It's surface of the sun season.
Somedays, it’s just too hot to cook. Well, at least to really cook. Like to turn on machines that actively make things hotter. Today would be one of those day.
A few minutes ago, the house robot told me it was 95°F. That’s the last information I have because right after that, the power went out. On one hand, it’s wonderfully quiet. The constant whir of air conditioners and fans silenced. On the other hand, it’s the hottest day yet this year and the street noise hasn’t gone away either.
So, I’m sitting in the dark, re-writing this intro. An intro to an edition that, had I gotten my act together, would have gone out a few minutes before the power went out.
I didn’t get my act together. So, I don’t know when this edition of the newsletter will hit inboxes. It’s unlikely to be my usual Tuesday afternoon. It might be Tuesday evening. Or - at the rate things seem to be going here today - you might be reading this on a Friday afternoon in August.
But I do have some great hot weather food to share today. This menu originally included a couple of additional dishes but they:
leaned on some ingredients that are getting harder to source as we get further into real-big-hot-all-the-time-don’t-go-outside-because-it’s-hot-as-the-surface-of-the-sun-summer.
I left them out – but I reserve the right to share them in the future because they’re good dishes … just maybe not surface-of-the-sun day good.
UPDATE: It’s now 10:15 pm. They say we’ll have our power back by Friday … maybe. It’s going to be 99°F tomorrow. We’ve decamped to a family member’s powered and air conditioned house. On a completely unrelated and not at all sarcastic note - if you know of any great jobs in say … a place where it snows in June, let me know. I like snow.
There are thousands of tuna tartare recipes out there. A lot of them are probably pretty good – though I avoid those that include mayonnaise as a base ingredient. That’s because “creamy tuna” makes me think of my grandmother’s tuna noodle casserole and then I can’t stop thinking about my grandmother’s tuna noodle casserole and at that point I’m pretty much off food for a week. Come to think of it, The Janet’s Tuna Noodle Casserole Diet could be a thing. Guaranteed to curb your cravings. Be right back, got an infomercial to make. I’m gonna be an influencer!
Ok, no, really. This, like I hope the other dishes in this week’s rather truncated edition, is cool, refreshing, and doesn’t really require a lot to throw together. You can add or remove things as you’d like: swap out the sesame seeds for crushed peanuts, add a dollop of sriracha, even add some diced avocado – though that gets a little close to “creamy tuna” territory.
1/2 lbs. fresh, sushi grade tuna
1 green onion
1 sheet sushi nori
2 tsp soy sauce
1 tap black sesame seeds
1 tsp red pepper flake
½ tsp toasted sesame oil
Using a sharp knife, cut the sushi nori into very thin strips.
Cut the nori strips into ½ inch pieces.
Trim, and very finely slice the green onion.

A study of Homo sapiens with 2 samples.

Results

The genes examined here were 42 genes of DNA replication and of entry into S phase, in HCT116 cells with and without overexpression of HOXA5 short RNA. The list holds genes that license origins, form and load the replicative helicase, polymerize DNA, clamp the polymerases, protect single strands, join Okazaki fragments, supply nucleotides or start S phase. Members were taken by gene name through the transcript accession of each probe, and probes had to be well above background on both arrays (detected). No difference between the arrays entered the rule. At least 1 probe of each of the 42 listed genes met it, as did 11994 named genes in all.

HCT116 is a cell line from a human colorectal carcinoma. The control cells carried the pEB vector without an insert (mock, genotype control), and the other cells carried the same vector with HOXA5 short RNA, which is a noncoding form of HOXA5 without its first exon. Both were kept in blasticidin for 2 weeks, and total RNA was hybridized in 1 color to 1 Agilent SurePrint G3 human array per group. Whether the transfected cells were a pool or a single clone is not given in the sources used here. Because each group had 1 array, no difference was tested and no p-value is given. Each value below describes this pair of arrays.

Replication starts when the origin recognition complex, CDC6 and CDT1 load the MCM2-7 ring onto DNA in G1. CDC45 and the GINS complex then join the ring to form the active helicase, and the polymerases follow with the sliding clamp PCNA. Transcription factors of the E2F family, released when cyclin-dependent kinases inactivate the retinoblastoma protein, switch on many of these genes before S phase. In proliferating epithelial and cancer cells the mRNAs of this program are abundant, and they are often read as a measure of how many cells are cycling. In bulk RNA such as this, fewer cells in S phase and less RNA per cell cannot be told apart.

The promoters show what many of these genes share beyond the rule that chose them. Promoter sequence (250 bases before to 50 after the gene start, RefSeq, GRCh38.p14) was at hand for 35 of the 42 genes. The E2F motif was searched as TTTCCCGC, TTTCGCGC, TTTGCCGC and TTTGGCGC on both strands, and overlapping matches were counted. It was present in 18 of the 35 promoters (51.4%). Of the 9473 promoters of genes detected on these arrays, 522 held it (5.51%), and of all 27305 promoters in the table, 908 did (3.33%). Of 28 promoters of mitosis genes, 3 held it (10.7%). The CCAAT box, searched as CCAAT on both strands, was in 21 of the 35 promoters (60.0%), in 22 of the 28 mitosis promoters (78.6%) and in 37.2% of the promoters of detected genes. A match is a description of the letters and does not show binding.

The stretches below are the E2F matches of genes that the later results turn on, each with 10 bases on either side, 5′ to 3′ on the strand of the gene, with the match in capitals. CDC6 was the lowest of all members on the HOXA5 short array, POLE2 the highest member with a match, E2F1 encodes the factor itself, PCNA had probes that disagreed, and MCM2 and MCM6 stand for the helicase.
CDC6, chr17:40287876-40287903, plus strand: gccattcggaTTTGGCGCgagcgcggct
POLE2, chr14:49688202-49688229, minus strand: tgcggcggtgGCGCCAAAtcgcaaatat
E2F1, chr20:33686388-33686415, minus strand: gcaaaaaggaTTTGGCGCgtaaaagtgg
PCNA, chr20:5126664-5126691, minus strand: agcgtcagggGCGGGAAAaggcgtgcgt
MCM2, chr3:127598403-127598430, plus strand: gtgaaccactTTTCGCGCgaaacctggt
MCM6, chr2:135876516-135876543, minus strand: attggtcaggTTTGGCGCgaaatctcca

In a large non-reactive bowl, combine the soy, sesame oil, and green onion.
Cut the tuna into ½ to ¼ inch cubes.
Gently toss the tuna with the sauce and onions.
Add the sesame seeds and shredded nori and gently fold to combine.
Serve immediately, topped with the red pepper flake as garnish.
I lied. I mean, this does require cooking. For about 30 seconds. Sure, it also requires heating a pan of oil, which probably really defeats the purpose of the whole not cooking exercise, but who am I to deny you all the delicious crunchy things.
Tempura is a wonderful technique – just a kiss of heat means that whatever vegetable or protein you’re cooking and a shatteringly crisp shell. It’s sort of the ultimate finger food. Sure, you could use utensils, but why?
1 bunch medium thick green asparagus
1 cup AP flour
½ cup corn or potato starch
½ tsp kosher salt
2 cups ice cold club soda or mineral water (unflavored Topo Chico is perfect for this)
Oil for frying
Soy, tamari, or ponzu sauce for dipping and garnish
Set up your fryer and bring your oil to 375°F
Whisk together the dry ingredients.
Slowly add about 1/3 of the soda water, stirring gently, until the batter isn’t clumpy.
Add the remaining soda water.
Working in batches, dip the asparagus into the batter, allow most of the excess to drip off, and then fry until crisp – about 1 to 1 ½ minutes.
Drain on a paper towel or on a sheet pan with a rack.
Serve warm drizzled with soy or ponzu sauce.
Garnish with a little paprika or Shichimi Togarashi.
Cucumber Salad Version 3876
I’m calling this Cucumber Salad Version 3876 because prior to this, I think I’ve made about 3875 different versions of cucumber salad, some of which I’ve shared here, some of which were enjoyed at our table, and a few of which probably ended up in bin because they didn’t taste good – or worse – were soggy. Sogginess is the worst crime a cucumber salad can commit. Crunchiness is its reason for being!
This is a simple iteration, little more than oil, vinegar, ginger, and garlic – almost like an extremely light pickle, but not very sour. I dress it up with a little Shichimi Togarashi.
1 English cucumber
2 tsp neutral oil
1 tsp rice wine vinegar
1 tsp microplaned fresh ginger
1 tsp minced cilantro (opt)
½ tsp kosher salt
½ tsp microplaned garlic
Shichimi Togarashi. (for garnish)
Remove the ends from the cucumber, and cut into 2-3 inch long pieces.
Quarter each piece and cut away the seeds.
Place the cucumbers in a bowl of ice water and refrigerate for 30 minutes.
In a non-reactive bowl, combine the vinegar, salt, and ginger.
Allow the ginger, garlic, and vinegar mixture to rest for ten minutes, then whisk in the oil.
Drain the cucumbers, toss with the dressing, and top with the Shichimi Togarashi.